Tuesday, January 19

Diagnosis of Leukoderma-Skin depigmentation-White patches of skin

White patches and spots on skin, lips, fingernails, teeth, tonsils and genitalia > Leukoderma (Vitiligo) > Causes > Signs > Leucoderma - Diagnosis - skin depigmentation - white patches of skin > Treatment and cure > Recent research
Leukoderma, which is skin depigmentation and appearance of white patches of skin can be diagnosed by visual observation, physical examination, analysis of medical history, differential diagnosis and laboratory tests.

Visual and physical examination for diagnosis of leukoderma.

Irregular white patches of skin, especially on sunlight exposed ares of body such as hands, feet, arms and face can make the doctor to suspect the possibility of leukoderma.
The prominence of skin depigmentation on the face particularly around mouth, eyes, nostrils and ears and also around the other orifices of the body like umbilicus, anal opening and genital opening could be the indicator of leucoderma disease.
Physical examination white patches is also done to look for the presence of other depigmentation diseases, dermatitis and psoriasis.

Analysis of medical history for the diagnosis of leukoderma

The medical history of the patient is analysed.
If the patient suffers premature greying of hair, the white patches could be vitiligo.
In a patient having family history of leukoderma in near blood relatives this depigmentation may be leukoderma.
If the patient had in the recent past sunburn, burn injury, physical or mental stress or illness there is a likelihood of these white patches turning out to be vitiligo.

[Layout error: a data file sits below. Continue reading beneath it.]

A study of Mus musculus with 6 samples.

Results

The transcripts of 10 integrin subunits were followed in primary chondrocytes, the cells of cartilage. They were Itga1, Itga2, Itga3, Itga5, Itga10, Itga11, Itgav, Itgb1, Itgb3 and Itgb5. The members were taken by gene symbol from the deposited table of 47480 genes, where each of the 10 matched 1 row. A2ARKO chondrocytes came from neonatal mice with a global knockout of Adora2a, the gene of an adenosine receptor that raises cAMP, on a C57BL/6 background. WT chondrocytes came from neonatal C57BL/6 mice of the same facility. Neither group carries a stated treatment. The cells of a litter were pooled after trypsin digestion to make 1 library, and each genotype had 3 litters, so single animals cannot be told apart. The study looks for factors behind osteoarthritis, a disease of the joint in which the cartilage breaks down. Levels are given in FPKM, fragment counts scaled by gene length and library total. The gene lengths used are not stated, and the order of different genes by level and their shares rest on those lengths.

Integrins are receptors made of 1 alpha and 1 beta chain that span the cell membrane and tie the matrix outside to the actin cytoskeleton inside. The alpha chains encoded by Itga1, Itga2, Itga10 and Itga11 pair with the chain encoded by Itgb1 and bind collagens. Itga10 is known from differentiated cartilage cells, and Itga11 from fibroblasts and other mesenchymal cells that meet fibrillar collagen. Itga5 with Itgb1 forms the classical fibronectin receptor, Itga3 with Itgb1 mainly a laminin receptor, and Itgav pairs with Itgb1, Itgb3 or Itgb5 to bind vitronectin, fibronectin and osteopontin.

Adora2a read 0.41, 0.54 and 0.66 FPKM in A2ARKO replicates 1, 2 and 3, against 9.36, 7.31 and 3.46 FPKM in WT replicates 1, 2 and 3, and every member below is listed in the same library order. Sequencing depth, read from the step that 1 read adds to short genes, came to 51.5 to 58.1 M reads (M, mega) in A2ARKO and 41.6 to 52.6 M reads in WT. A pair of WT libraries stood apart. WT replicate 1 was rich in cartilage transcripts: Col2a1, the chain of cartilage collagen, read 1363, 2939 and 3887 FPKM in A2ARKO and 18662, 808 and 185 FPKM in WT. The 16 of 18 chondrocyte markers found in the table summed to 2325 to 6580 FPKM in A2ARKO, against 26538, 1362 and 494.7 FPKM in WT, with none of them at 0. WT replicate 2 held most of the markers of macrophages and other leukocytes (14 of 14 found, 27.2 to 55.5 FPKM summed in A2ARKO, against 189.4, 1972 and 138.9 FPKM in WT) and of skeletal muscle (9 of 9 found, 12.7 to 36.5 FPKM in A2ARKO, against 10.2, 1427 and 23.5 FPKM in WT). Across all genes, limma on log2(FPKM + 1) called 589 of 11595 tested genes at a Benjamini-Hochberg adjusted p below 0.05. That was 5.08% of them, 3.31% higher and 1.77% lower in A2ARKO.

Patients with the medical history of sun sensitivity or autoimmune diseases are likely to get this depigmentation disease.

Laboratory tests and differential diagnosis of leukoderma

Laboratory tests are carried out to differentiate and diagnose this white patches disease.
Samples from the vitiligo suspected areas are taken and examined under microscope. Depigmentation affected area will be devoid of melanin producing cells (melanocytes).
If inflamed cells are observed in the sample, the white patches of depigmentation could be due to some other underlying cause.
KOH test is done to rule out fungal infections being the cause of depigmentation.
As in many cases vitiligo is associated to hyperthyroidism or pernicious anemia, blood test is carried to check the possibility of the presence of these conditions.
Blood test is done to check for the presence of autoimmune disease by looking for the antinuclear antibodies.
Sometimes inflammation of the eye occurs in vitiligo patients. Eye examination of the patient is done to look for possibility.
In the diagnosis if these white patches of skin are proved to be leukoderma, various options for treating this skin depigmentation have to be considered.